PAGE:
COMMENTARY: Knowing the unknowable about North Korea

Sooner or later, perhaps sooner than we think, perhaps nearly right away, North Korea will be able to hit the continental United States with a nuclear missile. That’s scary. Very scary. Very, very scary because unlike previous or other nuclear threats or other nuclear nations, we don’t know how Kim Jong Un thinks.

Back during the Cold War, there used to be a debate between “launch on warning” or “launch on attack.” People had opinions about these options, never resolved, but is a good question for today. Because, unlike Russia, China, India, Pakistan, Israel or our NATO allies, we do not know much about how things work in the Democratic People’s Republic of Korea, or North Korea.

Do we think Kim Jong Un in North Korea will have the same reservations about nuking Japan, South Korea or the United States as, say, Vladimir Putin? We simply don’t know.

Reid K. Beveridge

In the 64 years since the end of the Korean War in 1953, South Koreans have become remarkably bemused about the threat from the north. This despite the fact that North Korea has an estimated 10,000 artillery pieces lined up along the Demilitarized Zone. Seoul, a city of more 10 million, is within artillery range.

This is one reason why the options before President Trump, as they have been for several generations now, are so awful. One might think an peremptory strike to destroy North Korea’s missiles and its nuclear facilities would be a good idea, except that it would begin another Korean War by unleashing all that artillery on Seoul and its suburbs. Millions would die.

Although many South Koreans are ambivalent about all this, it is striking to American military who suddenly find themselves stationed in South Korea. One quickly learns that if the war begins, all spouses, children, families and yourself will die, probably within a few minutes. The main U.S. headquarters at Yongson in central Seoul is “ground zero.”

Over the years, the South Korean government has evolved from a military dictatorship (the president always was a four-star general) to a decent democracy. But nothing changes in the north, other than for the worse. Since the late 1940s, there have been three leaders in the north, called the Democratic People’s Republic of Korea. They are father, son and grandson: Kim il Sung, Kim Jong Il and now Kim Jong Un.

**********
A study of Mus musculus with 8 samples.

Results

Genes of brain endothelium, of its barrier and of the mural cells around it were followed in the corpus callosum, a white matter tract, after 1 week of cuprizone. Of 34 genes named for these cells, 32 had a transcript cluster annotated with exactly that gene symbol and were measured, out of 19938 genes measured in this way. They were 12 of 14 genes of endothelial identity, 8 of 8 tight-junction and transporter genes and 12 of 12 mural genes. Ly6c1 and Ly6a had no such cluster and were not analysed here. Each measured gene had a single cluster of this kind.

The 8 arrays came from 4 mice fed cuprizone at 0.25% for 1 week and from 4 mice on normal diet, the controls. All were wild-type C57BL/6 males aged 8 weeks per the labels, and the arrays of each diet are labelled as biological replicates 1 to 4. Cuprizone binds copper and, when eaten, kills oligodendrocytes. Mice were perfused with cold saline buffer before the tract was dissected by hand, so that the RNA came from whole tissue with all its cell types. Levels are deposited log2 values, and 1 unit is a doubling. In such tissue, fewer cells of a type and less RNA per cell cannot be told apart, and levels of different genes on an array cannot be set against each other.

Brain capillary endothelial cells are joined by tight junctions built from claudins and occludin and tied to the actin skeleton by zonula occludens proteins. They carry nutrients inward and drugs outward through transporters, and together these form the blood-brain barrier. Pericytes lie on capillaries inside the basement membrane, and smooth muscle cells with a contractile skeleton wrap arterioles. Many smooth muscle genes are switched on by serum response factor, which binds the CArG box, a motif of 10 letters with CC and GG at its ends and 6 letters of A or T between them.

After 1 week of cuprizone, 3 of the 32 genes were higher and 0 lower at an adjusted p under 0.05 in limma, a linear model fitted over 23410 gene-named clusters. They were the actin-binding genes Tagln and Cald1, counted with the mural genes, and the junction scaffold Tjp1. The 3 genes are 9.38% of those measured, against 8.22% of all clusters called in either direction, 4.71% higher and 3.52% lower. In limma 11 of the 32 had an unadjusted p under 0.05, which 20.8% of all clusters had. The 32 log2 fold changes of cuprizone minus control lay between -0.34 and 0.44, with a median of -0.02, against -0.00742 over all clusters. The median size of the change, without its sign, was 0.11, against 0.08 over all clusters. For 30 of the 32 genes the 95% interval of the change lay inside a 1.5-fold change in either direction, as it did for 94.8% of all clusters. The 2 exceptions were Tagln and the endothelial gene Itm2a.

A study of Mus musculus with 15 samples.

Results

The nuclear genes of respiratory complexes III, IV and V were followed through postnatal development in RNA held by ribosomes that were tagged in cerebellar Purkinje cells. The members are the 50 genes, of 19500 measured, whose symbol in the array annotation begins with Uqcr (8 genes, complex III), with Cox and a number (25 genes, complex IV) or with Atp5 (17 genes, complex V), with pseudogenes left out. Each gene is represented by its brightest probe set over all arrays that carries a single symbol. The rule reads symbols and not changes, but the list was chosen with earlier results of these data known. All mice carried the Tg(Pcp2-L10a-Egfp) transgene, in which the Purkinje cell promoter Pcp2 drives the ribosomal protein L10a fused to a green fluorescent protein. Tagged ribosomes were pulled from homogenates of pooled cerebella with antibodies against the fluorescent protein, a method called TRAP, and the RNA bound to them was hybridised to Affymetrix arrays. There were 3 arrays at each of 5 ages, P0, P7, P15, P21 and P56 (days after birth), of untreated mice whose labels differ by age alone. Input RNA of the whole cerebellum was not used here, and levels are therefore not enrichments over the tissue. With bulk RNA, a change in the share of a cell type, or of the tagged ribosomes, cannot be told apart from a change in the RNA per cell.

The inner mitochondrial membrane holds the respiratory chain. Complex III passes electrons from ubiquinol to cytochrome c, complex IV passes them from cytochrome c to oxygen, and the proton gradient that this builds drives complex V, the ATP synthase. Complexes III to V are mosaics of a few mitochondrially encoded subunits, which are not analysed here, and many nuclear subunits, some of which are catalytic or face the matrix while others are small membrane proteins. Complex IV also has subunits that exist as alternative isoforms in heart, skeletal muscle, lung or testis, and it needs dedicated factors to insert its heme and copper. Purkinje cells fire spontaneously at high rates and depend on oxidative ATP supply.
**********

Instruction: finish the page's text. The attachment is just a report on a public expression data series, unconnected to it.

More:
The old man, who ruled until his unexpected death in 1994, was Moscow-trained and a fairly rational, though brutal, dictator. His son was a mystery, never spoke in public and the husband of several wives. Now we have the grandson, referred to one wit as the “fat kid.” He became leader at age 26. He’s now 33, more or less.

The youngest Kim (Kim is a very common surname in Korea) has had his uncle executed and recently arranged the assassination of his half-brother. Nice guy. The Kims decided a long time ago that regime security was THE most important thing. The answer? Obtain nuclear weapons and threaten to use them on Japan or the United States.

So the question for the Trump administration is what to do about this? And like a lot of decisions facing any presidents of the United States, there are only bad options.

One thing any American president could do is attack both the missile sites and the nuclear production sites. But you do that and the war begins. Millions of Koreans and some Americans die within minutes.

The second obvious way to rein in North Korea is to get China to do it. So far, China hasn’t. China’s interest historically has been a stable North Korea — a North Korea that doesn’t do anything stupid. China definitely does not want the North Korean regime to collapse or be defeated in a way that unifies the two Koreas under South Korean governance.

So the final question, for which there is no answer, is whether the young Kim is what is called a “rational actor?” This is a term academics use to characterize a leader’s decision-making process. For example, during the Cuban Missile Crisis of 1962, we had no doubt that Soviet Premier Nikita Khrushchev was rational. Same for all his successors. This made the Cold War dangerous, but fairly predictable. We didn’t really expect the Soviets to attack us, and they didn’t.

But does this same calculus hold for young Kim? Don’t know. And that’s dangerous. The only thing that change in Korea is change for the worse.

Reid K. Beveridge is a retired Army and Delaware National Guard brigadier general with extensive service in South Korea. He is now retired at Broadkill Beach.